Discussion in 'Meerschaum Pipes' started by Sasquatch, Jan 24, 2010.
I'm trying to explore the world of going about re-waxing my little beauty.
what you do in the privacy of your own home is your business!
Hope you dont go blind......
Well played sir, nobody pulls off "tongue in cheek" as well as you do
Looking once more at this informative, long-running thread - I'm reminded of the wealth of knowledge available today in places like this, and the internet in general. Not to take anything away from the author of the thread - he was, and is a talented and articulate writer, but by his own admission - a relative newcomer to and infrequent user of meerschaum pipes - so most of the information contained here was obtained by thorough study, he is whowever to be thanked for making his findings available here in one 'package'.
It's good gouge~ Between this & some tidbits on cellaring in the "library" in the forum it's incredibly convenient that I don't have to google, drive to a book store / library, or ask a million questions. It's right here. Not only do you have a forum, but you have an archive at your fingertips.
I just took delivery of a CAO estate, by Bekler purchased on a whim (yes, scotch was involved)
It's a very cool looking pipe. I am in the process of cleaning it up, and once I get rid of this lousy cold I will fire it up.
And coming back to African meers...
I have about 10 African (including 1 totally new and unsmoked) and about 10 Turkish. "About" means that some of them are really badly carved... And I do not like them enough to count as a one solid pipe.
But generally I want to say maybe rather radical thing - I think that African meers are better in all aspects, accepting that they mostly are estate and wearing some signs of use.
They are more reliable, I dropped them not once on rocks without any problems, they are more "dry" smokers. And they are more classic shapes.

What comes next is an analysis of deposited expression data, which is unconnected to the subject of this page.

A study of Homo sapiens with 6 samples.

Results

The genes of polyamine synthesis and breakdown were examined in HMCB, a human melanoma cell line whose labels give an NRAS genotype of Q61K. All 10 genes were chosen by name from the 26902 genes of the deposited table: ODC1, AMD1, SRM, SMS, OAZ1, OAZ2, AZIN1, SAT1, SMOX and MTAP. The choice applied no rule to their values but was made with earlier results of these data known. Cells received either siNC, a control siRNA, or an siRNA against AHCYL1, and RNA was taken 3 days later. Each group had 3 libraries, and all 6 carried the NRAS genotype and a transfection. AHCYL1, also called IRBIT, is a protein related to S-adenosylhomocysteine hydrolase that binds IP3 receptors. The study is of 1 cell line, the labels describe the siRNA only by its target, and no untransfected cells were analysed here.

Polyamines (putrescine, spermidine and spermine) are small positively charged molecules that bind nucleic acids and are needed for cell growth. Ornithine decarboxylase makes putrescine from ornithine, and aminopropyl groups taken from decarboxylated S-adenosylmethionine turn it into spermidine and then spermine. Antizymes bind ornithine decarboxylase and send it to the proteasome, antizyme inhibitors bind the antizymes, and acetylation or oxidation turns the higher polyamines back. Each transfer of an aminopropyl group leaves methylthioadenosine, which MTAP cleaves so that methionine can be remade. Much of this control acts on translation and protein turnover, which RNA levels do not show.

That is only my opinion from my experience.
To each his their own. Looks like you found yours. Good on you.
Good info here. My first meer was a Christmas present in 1984. I still have it and the stem has CAO on it. I didn't know anything about how to get color in them until I read this thread. I'm hoping I can work on it with my CAO but if not it still smokes good. I have a flea market find that is a 3 piece that I'm going to have to check and see if it's a block. My 3rd meerschaum I just bought this weekend and the label in the case says its a Servi-Meerschaum and it says solid block. I probably paid about $30 more than if I would have bought it online but it was both an impulse and a belated anniversary gift from the wife. It's a church warden.
Since I must have abused my 1st Meerschaum and it never colored in retaliation, I have a question. I have smoked my newest one once a day for 8 straight days and in accordance with what I've read on the thread, I am getting ready to let it rest. My question is how long before I start to see some color in it.
You can start coloring your meer again anytime you want. Just get some beeswax, let it heat to 200 degrees, cork up the openings in your pipe and let it soak in the melted beeswax for 15 minutes. It'll get darker, then lighter again. Eventually it'll stay darker. Every bowl you've burned in that pipe has left some residue in the block. Now you just need a little beeswax coating to bring it to the outside surface.
As to when your new pipe will start to color, that depends on the stone. Some pipes color after just a few bowls. Some pipes never color at all without help. Most fall somewhere in between. But usually you'll see some yellowing on the shank pretty quickly.
My meer started to color after about 6 smokes without any coaxing..... it has begun to turn a nice cream color.....
What a great thread... I agree with all said, except rewaxing once a year. In my limited experience, i found that the best way to rewax is to dip pipe in molten bees wax, and i prefer yellow unrefined wax, for around ten minutes. Practically to cook the pipe. And, as i said in my limited experience, it should be done more often, when ever you notice he surface of bowl has become dull, not so shiny and a bit sticky.